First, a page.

Formula One ace says cut your speed on rural roads

SAFETY FIRST: David Coulthard is warning drivers to cut their speed on rural roads.
SAFETY FIRST: David Coulthard is warning drivers to cut their speed on rural roads.

Former Formula 1 racing driver David Coulthard is urging drivers in South Ayrshire to adjust their speed on country roads to help reduce the number of fatalities in the area.

Around 70% of all road deaths in Scotland happen on country roads which have accounted for 1,596 fatal or serious accidents in the region over the last five years. Three out of four people killed on Scotland’s country roads are men and the biggest cause of accidents is driving too fast for the conditions.

Coulthard is lending his support to the Scottish Government and Road Safety Scotland (part of Transport Scotland) to get across the message that even the best drivers in the world adjust their speed on country roads.

The innovative approach from the Scottish Government is thought to be the first time a former Formula 1 racing driver has fronted a national road safety TV ad anywhere in the world. The Carrick Gazette hopes to make drivers aware that you don’t have to be speeding to be driving too fast for the road conditions.

Speaking about the campaign, Coulthard, who won 13 Grand Prix titles during his career, said: “I’m backing this year’s country roads campaign because I grew up in the South West of Scotland, and did most of my early driving around there, so I’m aware that countryside driving comes with its own unique set of challenges. Driving on country roads takes more than simply being aware of the basic Highway Code; increased concentration and greater care is needed to adapt to the muddy tracks and changeable conditions which make country roads particularly tricky.

“The main goal of this campaign is to ultimately reduce fatalities on country roads. Sadly too many people are killed in road accidents that could be avoided. I hope this campaign will reduce the eventuality of accidents on country roads and make sure it is something that doesn’t happen as frequently in the future as it unfortunately does today.”

Transport Minister Keith Brown said: “In Scotland we currently have the lowest road casualty figures since records began. Fatalities are down by 11 per cent from 2010, and while even one death on our roads is one too many, there are encouraging signs of progress. This success is due to many influences, not least the commitment and dedication of the road safety community in Scotland and the responsible behaviour of the vast majority of road users.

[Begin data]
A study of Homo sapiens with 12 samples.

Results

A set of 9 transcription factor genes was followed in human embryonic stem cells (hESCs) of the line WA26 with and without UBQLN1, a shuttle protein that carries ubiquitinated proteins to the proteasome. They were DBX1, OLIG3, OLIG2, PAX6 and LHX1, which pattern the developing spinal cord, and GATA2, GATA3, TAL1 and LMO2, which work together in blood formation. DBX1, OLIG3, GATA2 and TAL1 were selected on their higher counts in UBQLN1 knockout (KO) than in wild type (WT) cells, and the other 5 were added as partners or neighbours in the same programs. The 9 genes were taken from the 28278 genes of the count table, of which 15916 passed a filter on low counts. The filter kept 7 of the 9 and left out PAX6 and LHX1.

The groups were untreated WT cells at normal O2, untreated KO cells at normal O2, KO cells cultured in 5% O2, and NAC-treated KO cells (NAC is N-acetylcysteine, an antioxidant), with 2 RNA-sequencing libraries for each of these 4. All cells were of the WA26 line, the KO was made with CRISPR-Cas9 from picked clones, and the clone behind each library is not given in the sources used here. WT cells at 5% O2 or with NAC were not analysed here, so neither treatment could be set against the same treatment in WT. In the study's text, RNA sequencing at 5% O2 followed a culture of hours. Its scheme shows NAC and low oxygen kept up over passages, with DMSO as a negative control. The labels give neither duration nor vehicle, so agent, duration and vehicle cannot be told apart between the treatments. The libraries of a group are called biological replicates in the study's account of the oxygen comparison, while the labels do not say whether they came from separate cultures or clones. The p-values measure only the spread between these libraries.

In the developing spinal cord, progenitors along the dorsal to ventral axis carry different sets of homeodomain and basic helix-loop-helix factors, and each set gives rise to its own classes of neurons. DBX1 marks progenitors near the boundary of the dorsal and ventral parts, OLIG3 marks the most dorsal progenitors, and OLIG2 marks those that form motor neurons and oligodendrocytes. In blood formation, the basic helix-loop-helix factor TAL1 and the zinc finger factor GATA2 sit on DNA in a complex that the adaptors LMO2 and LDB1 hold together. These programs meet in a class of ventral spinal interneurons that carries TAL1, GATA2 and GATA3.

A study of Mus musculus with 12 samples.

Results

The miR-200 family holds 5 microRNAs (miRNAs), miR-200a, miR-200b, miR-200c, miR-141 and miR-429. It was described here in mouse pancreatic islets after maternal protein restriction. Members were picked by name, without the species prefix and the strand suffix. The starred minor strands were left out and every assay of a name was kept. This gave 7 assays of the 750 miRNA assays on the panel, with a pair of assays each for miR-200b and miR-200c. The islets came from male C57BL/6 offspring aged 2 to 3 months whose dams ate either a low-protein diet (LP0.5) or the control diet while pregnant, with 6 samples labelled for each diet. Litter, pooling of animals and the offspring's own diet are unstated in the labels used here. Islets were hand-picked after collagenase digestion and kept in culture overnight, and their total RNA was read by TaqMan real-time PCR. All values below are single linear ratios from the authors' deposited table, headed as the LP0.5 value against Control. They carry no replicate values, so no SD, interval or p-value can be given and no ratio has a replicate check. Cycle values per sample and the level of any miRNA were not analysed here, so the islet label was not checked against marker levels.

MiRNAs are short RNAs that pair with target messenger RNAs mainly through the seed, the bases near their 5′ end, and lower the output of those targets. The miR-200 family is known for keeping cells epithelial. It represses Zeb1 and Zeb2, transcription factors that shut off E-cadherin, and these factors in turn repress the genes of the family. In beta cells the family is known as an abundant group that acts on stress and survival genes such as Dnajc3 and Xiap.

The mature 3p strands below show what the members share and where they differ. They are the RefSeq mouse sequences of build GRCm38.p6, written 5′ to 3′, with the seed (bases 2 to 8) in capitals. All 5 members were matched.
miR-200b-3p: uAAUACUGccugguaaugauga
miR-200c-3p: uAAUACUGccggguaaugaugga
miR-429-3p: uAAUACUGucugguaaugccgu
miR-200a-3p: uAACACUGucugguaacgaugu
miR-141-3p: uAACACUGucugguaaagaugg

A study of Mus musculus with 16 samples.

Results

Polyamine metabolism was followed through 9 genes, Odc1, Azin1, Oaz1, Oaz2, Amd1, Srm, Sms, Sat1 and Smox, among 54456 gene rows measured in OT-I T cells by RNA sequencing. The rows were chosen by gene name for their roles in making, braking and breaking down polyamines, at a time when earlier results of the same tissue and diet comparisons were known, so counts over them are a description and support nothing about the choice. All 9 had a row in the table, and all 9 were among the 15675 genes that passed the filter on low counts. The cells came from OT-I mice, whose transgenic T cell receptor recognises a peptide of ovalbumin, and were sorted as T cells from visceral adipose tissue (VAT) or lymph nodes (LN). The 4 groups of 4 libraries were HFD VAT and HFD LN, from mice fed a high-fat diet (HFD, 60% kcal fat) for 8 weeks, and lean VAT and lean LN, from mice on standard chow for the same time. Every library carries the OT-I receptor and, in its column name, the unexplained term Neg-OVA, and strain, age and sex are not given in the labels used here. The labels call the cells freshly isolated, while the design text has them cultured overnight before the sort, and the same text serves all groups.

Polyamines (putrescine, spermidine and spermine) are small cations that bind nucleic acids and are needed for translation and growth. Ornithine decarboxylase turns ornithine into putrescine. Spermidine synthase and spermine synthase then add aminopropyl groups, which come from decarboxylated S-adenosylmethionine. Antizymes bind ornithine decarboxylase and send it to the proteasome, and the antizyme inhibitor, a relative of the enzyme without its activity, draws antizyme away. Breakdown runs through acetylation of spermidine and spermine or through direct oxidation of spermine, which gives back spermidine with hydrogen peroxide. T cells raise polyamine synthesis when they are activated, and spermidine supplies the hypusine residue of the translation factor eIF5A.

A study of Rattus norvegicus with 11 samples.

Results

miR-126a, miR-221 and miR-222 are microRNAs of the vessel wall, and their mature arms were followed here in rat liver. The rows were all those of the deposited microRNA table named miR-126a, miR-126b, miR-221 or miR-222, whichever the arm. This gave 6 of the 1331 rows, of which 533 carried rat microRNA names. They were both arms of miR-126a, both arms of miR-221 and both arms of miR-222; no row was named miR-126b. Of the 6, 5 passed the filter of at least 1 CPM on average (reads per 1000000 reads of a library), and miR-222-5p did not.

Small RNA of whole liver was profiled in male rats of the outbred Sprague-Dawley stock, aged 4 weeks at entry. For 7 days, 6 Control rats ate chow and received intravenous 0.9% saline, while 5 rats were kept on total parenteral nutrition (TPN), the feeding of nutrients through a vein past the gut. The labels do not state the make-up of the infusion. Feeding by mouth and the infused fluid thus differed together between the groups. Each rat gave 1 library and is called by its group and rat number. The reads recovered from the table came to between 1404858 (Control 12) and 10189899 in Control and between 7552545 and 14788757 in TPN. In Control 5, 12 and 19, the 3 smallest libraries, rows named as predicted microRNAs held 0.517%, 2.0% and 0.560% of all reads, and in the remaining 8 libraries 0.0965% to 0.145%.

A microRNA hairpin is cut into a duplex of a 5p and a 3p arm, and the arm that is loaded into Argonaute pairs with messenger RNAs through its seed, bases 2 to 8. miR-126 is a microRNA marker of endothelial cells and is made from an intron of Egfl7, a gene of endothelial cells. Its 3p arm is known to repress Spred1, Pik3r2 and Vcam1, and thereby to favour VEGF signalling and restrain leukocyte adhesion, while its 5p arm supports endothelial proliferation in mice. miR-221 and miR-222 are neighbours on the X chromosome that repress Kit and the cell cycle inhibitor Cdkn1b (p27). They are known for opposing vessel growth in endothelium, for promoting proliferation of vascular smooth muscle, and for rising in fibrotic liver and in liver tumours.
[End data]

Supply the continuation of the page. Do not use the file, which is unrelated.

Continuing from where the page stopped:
“However it’s clear that we are still seeing too many fatalities and serious injuries that are avoidable. This innovative campaign can help get the message across that even the most qualified drivers in the world, drive to the conditions on country roads. We know that male drivers make up three quarters of those killed on our roads and 70 per cent of fatal accidents happen on country roads. I hope that David Coulthard, a Formula 1 legend, can help convince them to change their dangerous driving habits.”

In the TV ad, Coulthard demonstrates to drivers, through a reconstruction, how even the best drivers in the world adjust their speed on country roads.

The campaign is being rolled out across TV, radio, online and cinema during March to make drivers aware that they don’t have to be going over the speed limit to be going too fast, they should constantly check their speed to adapt to the changing conditions on country roads and that even if people use a rural road regularly, the hazards can still be unpredictable. Driving even slightly too fast to read the road properly can turn avoidable accidents into serious and even fatal ones.

Pre-campaign research found Coulthard is seen as a respected and credible role model by drivers and is the ideal person to raise the issue of driving safely on country roads and encourage a reduction in risk-taking behaviour – especially among the campaign’s target audience of men aged 22 – 40.

Log onto www.dontriskit.info or check out the Road Safety Scotland Facebook page.